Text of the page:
The Difference Between Student Credit Cards and Secured Cards

Everyone with an excellent credit score had to start somewhere, and that somewhere was no credit history at all. If you’re dipping your toe in the pond of financial responsibility, one place to begin is by building up your credit score.

Why Is A Good Credit Score Important?

A good credit score tells lenders that you’re responsible and will likely pay your bills on time. As a reward for that good behavior, you’ll be offered lower interest rates on loans — for school, buying a home, buying a car, starting your own business and more.

You stand to save thousands of dollars in interest payments if your interest rate is lower. What’s more, a good credit score makes you a more attractive applicant on a lease for a place to live, and can even affect your access to cell phone plans.

If you have no credit history or currently have a low credit score, it can be tough to be approved for a credit card. But there are cards out there that can help you create good habits and help build a credit profile.

Get Started With These Credit Card Options

There are two types of cards to explore if you’re getting started, or you have some credit history but your credit score is low:


If you’re a student, you may qualify for a student credit card. You will need to submit proof of full- or part-time schooling, you must be at least 18 years old with proof of income or assets, and the issuer may evaluate your application based on other criteria, as well.

Using a student credit card allows you to create your own responsible bill-paying habits. Be warned that any irresponsibility on your part will be reflected in your credit score.1

If you think a student credit card is right for you, choose one with benefits and rewards that suit your life. The Discover it® Chrome for Students has no annual fee, 1% Cashback on your purchases (and 2% Cashback on gas and restaurants on up to $1000 in combined purchases each quarter). With Discover Good Grades Reward, you may be able to earn $20 Cashback Bonus each school year, for up to the next 5 years, if your GPA is 3.0 or higher.2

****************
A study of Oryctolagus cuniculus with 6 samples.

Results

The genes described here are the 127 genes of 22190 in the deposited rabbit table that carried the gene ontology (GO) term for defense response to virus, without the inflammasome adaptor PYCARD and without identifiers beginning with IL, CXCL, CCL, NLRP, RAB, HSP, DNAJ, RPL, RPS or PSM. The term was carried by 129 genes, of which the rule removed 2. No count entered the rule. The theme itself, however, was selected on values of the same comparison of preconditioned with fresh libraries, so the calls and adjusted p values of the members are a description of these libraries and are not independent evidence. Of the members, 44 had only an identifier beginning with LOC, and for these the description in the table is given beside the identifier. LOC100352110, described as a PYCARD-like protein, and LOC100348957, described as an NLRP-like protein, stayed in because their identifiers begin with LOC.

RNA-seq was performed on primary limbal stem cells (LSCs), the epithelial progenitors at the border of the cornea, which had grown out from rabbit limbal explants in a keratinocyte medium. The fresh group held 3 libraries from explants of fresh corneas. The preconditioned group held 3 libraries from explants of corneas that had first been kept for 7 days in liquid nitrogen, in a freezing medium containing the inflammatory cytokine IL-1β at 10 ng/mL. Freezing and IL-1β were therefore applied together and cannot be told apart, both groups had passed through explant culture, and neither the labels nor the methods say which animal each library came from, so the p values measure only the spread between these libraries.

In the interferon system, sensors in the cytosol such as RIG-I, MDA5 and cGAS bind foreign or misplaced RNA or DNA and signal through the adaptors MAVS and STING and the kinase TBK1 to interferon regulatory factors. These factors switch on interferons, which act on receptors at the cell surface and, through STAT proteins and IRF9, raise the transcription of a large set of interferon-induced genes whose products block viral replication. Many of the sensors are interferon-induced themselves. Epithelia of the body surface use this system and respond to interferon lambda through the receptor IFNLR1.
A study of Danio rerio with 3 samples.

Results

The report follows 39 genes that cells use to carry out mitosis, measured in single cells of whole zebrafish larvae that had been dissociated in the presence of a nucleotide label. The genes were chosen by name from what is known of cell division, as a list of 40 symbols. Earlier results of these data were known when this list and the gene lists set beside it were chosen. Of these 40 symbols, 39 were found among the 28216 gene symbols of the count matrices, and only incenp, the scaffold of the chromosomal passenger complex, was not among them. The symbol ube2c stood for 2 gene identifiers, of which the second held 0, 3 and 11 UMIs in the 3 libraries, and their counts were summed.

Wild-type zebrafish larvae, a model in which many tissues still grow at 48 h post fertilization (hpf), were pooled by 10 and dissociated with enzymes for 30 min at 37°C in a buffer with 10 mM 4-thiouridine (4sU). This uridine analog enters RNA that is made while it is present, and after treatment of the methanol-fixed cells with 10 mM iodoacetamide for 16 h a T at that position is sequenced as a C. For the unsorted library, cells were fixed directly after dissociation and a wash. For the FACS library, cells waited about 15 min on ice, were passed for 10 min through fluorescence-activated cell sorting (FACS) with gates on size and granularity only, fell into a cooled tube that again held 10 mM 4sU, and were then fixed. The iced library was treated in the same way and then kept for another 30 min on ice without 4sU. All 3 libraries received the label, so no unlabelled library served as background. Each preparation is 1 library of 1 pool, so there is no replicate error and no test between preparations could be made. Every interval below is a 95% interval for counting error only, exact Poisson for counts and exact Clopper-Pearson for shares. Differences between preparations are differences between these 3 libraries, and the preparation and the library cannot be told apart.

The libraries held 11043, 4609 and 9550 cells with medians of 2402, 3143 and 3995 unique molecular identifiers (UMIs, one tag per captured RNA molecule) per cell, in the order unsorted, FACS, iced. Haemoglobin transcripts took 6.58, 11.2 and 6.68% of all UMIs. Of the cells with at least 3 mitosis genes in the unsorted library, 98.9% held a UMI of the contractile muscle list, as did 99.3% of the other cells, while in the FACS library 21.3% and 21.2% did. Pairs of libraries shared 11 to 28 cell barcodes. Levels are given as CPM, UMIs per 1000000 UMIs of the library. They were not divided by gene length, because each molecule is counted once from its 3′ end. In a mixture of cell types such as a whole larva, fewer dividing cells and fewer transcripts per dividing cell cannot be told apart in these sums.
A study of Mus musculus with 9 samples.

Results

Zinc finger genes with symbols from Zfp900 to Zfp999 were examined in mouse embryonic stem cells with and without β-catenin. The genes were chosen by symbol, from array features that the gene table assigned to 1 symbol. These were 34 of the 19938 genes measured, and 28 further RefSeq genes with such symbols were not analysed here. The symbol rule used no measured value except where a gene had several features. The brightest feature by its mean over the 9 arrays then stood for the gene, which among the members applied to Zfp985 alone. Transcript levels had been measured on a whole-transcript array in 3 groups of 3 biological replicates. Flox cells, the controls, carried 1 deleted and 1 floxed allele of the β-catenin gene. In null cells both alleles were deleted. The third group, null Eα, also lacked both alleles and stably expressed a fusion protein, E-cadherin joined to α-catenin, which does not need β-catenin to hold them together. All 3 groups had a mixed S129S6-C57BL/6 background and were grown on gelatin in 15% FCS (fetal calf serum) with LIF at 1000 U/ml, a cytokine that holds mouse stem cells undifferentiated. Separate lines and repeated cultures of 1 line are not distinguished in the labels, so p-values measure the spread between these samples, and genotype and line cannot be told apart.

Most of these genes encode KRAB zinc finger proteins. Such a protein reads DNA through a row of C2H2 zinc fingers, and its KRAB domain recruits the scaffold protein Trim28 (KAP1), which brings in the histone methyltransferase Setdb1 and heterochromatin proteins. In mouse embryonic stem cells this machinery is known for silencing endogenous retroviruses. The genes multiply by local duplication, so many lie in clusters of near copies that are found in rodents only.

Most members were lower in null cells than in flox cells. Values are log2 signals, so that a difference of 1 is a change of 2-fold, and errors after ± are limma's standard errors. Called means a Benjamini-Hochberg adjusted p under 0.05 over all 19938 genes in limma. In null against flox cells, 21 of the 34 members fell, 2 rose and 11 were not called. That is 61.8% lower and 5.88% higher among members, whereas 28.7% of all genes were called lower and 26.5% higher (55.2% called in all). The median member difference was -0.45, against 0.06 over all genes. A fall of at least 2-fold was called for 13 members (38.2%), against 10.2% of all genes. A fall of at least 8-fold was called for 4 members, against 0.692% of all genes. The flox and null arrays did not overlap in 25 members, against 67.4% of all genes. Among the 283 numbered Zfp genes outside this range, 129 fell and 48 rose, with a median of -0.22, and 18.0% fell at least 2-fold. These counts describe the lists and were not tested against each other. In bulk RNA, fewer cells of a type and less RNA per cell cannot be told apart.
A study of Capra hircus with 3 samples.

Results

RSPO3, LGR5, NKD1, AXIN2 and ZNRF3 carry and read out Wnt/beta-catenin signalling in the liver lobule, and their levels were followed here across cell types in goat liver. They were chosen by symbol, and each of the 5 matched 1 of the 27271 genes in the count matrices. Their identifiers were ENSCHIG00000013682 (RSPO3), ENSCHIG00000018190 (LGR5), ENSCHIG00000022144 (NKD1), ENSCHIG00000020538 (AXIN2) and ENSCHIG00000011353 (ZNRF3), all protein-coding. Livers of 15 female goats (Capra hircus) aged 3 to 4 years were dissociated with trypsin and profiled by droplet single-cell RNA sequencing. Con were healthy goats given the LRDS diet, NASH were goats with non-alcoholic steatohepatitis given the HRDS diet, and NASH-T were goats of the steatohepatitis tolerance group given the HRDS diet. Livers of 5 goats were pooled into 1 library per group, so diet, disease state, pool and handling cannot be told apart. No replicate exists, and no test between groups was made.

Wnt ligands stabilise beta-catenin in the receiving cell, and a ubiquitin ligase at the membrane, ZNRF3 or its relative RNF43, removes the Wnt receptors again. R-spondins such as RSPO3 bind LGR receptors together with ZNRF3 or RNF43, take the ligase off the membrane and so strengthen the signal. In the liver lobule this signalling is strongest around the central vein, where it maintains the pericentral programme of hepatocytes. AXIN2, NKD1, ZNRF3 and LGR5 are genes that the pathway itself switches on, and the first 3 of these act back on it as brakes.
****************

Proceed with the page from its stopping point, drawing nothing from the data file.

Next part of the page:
If you’re no longer a student and you’d like to begin building credit history, a secured credit card may be an option. It also can be a way to bounce back if you are looking to rebuild your credit.3

Secured credit cards are easier to qualify for. You give a deposit, which will cover the credit card company’s losses if you’re unable to pay your bills. You’re granted a credit limit, usually equal to the amount of your deposit. If you demonstrate responsible credit management across all of your cards and loans, you may qualify for an unsecured credit card, or, in other words, a traditional credit card that does not require a deposit.

If you decide to apply for a secured credit card, choose one that reports to all three credit bureaus (Experian, TransUnion and Equifax). This will allow you to establish a credit history.4


If you’re a student, you could be eligible for a student credit card. This could be a better option for you, since no deposit is needed for a student card.

However, if you’re no longer in school, or you have damaged credit, a secured credit card could be the way to go. In both instances, know that you won’t have a very high credit limit and use these cards carefully.

A credit card isn’t free money. You should use it for your everyday spending and not for impulse purchases. Spend within your means and pay your bills on time. Avoid carrying a balance by not spending more than you can pay back. Keep your debt utilization ratio below 30%, meaning you should try not to spend more than 30% of your credit limit during a billing cycle. Hitting your credit limit each month signals to lenders that you’re risky to lend to, and that can jeopardize your attempt to raise your credit score.

Manage your credit cards and loans responsibly and you’ll be on your way to build a good credit history.

Legal Disclaimer: This site is for educational purposes and is not a substitute for professional advice. The material on this site is not intended to provide legal, investment, or financial advice and does not indicate the availability of any Discover product or service. It does not guarantee that Discover offers or endorses a product or service. For specific advice about your unique circumstances, you may wish to consult a qualified professional.